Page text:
The factory at Le Rocray is not part of Pont-d'Ouilly. It is actually in Cahan, which is in the Orne departement. Only the houses are in Calvados.
The original factory consisted entirely of the large house, which is situated on the left bank beside the Noireau river : it was a textiles mill.
We know that it was built before 1830 because the Napoleonic land register indicates that Florentin Leconte owned it.
The power needed to run the factory was provided by a water wheel, situated behind the house, which was fed water via a channel, which still exists as you enter the courtyard in front of the houses.
At this time the Noireau had a branch which crossed the courtyard diagonally and passed between the house-factory and the Arclais road : thus the house was on an island.
The second factory dates from 1865. At this point the channel feeding the water wheels was excavated, as well as the weir across the Noireau, which still exists.
It is likely that, after this work was completed, the branch of the river, which no longer exists, dried up and was filled in.
The main building of the new factory was constructed between the Noireau and the new channel.
On the right bank of the channel there was a building, including a brick chimney, which housed the power plant.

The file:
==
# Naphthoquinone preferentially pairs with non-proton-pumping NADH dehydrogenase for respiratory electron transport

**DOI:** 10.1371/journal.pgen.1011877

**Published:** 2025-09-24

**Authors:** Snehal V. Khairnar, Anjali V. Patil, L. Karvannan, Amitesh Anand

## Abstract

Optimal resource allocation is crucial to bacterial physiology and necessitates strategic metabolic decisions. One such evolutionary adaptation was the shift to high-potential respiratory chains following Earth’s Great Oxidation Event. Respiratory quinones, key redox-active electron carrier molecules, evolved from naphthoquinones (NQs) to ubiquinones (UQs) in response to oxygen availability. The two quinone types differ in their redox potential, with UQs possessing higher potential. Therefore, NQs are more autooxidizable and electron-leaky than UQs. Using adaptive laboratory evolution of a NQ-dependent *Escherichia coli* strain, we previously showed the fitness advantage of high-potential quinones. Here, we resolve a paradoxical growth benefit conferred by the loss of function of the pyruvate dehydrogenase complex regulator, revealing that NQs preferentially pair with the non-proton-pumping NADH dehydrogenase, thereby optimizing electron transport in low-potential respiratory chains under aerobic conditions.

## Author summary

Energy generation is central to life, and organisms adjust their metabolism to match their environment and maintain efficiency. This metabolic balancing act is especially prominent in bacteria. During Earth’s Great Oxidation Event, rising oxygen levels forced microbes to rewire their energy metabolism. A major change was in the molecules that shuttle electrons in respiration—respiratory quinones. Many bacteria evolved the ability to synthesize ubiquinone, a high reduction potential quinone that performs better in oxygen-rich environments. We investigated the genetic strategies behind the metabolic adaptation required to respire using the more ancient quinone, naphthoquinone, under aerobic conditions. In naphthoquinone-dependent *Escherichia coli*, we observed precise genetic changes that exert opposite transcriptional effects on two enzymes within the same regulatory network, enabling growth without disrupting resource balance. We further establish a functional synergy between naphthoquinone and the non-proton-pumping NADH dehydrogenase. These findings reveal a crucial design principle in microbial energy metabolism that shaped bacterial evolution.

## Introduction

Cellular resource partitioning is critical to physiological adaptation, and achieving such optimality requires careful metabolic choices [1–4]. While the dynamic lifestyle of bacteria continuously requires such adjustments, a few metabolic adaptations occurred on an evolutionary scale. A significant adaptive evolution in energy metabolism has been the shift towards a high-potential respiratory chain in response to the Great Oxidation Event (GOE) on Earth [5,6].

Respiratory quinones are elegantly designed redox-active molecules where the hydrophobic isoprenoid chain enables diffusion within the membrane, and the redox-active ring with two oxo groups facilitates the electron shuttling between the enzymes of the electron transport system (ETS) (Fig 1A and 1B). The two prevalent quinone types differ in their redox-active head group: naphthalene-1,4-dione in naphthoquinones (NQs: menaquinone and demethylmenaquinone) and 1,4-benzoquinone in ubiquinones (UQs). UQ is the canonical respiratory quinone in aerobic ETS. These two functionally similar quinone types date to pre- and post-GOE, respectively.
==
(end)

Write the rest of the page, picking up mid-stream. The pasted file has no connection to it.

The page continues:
On the left bank of the channel, in front of the main building, there was a single-storey building equipped as offices.
The new factory, like the old one, was built as a textiles mill.
Power was provided by two water wheels and a steam machine.
The old factory was turned into a house and became the home of the owner of that time, a M. Pingley.
No doubt, as a celebration of the relative importance of the development, both for the time and the region, in the same year (1865) the Great Cedar, that everyone admires today, was planted in the garden in front of the house.
M. Pingley was succeeded by M. Nerou and then by the Tissages Réunis Company, which exploited the weaving carried out at both the Le Rocray and La Pautiche factories; then the Dickson-Walrave Company, which turned the factory into a cotton laundry.
This company built a dryer, a sort of hangar, situated opposite the offices, extending the main building towards the west.
In 1928, after three years of closure, the factory was bought by the Ferodo Company, which installed a workshop for asbestos material impregnation.
After this, mediums for brake lining were made there.
In 1979, this factory employed 168 people (2 executives, 30 foremen and 136 workers). It closed in the 1980s, at which point there were still 120 members of staff.